Photo ID cards for homeless are under discussion

Recent discussion by a group of Grand Valley homeless-community stakeholders has raised the possibility of one day issuing photo-identification cards to area homeless people.

The idea was broached in a recent meeting of a subcommittee studying homeless issues for Grand Valley Coalition for the Homeless, which is charged with developing a 10-year plan to eliminate homelessness in the area.

The proposal received a lukewarm reception from at least one homeless advocate and has yet to have any formal planning behind it. It also would be years away for realization if adopted.

Lack of identification is a common hurdle for many homeless people in seeking jobs, housing or various forms of assistance available from agencies, several members of the subcommittee said.

Cards among area homeless people frequently are lost or damaged, or in some cases they’ve never had them, said Cory Tomps, an officer with the Grand Junction Police Department’s Homeless Outreach Team. Obtaining a fresh Social Security card or birth certificate is often a months-long project, he said.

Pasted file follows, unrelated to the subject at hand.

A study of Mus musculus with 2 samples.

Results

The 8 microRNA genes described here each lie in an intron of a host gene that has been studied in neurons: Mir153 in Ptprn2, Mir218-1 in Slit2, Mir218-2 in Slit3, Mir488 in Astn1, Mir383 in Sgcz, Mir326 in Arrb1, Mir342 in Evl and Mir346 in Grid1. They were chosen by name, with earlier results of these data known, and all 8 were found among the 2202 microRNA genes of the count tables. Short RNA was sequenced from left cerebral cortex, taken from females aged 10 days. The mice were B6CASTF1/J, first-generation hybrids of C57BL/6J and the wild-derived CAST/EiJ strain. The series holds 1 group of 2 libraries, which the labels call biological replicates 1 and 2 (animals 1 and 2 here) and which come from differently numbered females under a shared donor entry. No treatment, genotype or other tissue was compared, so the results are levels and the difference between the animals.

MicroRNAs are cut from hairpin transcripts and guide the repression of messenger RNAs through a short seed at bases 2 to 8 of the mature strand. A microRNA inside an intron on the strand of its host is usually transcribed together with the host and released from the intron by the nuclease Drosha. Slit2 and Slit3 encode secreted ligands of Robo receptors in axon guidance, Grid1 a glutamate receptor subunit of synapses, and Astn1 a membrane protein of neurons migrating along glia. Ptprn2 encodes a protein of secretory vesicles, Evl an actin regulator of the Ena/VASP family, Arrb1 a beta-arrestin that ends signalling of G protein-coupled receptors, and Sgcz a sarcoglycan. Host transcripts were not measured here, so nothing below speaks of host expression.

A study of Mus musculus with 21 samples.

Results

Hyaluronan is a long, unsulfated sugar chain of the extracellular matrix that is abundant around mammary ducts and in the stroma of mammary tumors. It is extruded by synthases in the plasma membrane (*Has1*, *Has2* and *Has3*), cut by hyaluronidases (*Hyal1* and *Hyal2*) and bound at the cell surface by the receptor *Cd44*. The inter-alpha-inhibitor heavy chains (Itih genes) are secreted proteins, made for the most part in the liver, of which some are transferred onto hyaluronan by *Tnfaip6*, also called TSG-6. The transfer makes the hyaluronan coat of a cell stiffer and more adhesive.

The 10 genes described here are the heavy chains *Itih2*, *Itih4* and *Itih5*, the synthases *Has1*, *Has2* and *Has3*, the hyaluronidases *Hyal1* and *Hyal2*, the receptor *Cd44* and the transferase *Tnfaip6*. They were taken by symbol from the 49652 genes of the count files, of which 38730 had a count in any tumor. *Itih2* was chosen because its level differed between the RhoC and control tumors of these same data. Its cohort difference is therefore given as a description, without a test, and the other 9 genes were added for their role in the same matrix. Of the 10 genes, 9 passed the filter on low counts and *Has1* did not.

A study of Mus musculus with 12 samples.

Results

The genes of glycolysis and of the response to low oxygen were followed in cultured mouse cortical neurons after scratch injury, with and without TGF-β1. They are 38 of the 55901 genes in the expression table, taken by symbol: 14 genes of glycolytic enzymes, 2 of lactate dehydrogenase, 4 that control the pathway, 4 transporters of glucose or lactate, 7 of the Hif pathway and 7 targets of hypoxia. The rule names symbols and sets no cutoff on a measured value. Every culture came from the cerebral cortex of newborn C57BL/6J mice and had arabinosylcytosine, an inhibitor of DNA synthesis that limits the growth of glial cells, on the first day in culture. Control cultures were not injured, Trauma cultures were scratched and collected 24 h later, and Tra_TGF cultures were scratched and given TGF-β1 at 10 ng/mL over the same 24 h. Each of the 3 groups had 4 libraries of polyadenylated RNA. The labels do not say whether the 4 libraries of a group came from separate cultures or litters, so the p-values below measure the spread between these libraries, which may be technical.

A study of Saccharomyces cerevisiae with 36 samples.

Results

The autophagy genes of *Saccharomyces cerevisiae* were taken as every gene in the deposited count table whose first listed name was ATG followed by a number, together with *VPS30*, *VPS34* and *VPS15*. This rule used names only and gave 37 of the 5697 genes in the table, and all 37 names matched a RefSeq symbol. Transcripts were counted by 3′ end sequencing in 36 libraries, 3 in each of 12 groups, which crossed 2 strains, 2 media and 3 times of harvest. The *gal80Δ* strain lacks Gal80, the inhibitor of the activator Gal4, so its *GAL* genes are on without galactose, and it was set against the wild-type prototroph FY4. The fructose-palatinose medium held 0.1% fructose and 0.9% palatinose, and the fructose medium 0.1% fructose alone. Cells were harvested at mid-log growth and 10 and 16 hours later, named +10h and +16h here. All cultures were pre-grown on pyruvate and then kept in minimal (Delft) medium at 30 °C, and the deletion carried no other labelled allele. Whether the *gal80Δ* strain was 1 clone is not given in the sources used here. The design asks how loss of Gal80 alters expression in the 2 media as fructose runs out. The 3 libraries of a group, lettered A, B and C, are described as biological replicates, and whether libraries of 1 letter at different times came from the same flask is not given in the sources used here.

“We’ve actually stood in line at the DMV with several people,” said Tomps, whose team is represented on the subcommittee discussing the ID-card proposal.

Discussion so far hasn’t touched on who would manage a database of card holders, who would have access to it or the specific information that would be listed on such cards, subcommittee members said.

One subcommittee member, Eric Niederkruger of Housing First! No More Deaths!, said he is eager to hear those details.

“This would certainly be good for people trying to get into housing programs who are being held back by a lack of ID,” Niederkruger said.

Niederkruger said he would oppose any system with a punitive aspect, such as denying services to homeless who refuse to carry identification.

“I’m very concerned with any ID-before-services approach,” Niederkruger said.

Mollie Woodard, with Homeward Bound of the Grand Valley, and another member of the subcommittee, said the ID-card idea was born of discussion between five people during a May meeting. Woodard, who also heads the Grand Valley Coalition for the Homeless, said they wouldn’t support any system that could result in a denial of services.

“The coalition’s entire mission is to provide better services to the homeless in our community,” Woodard said.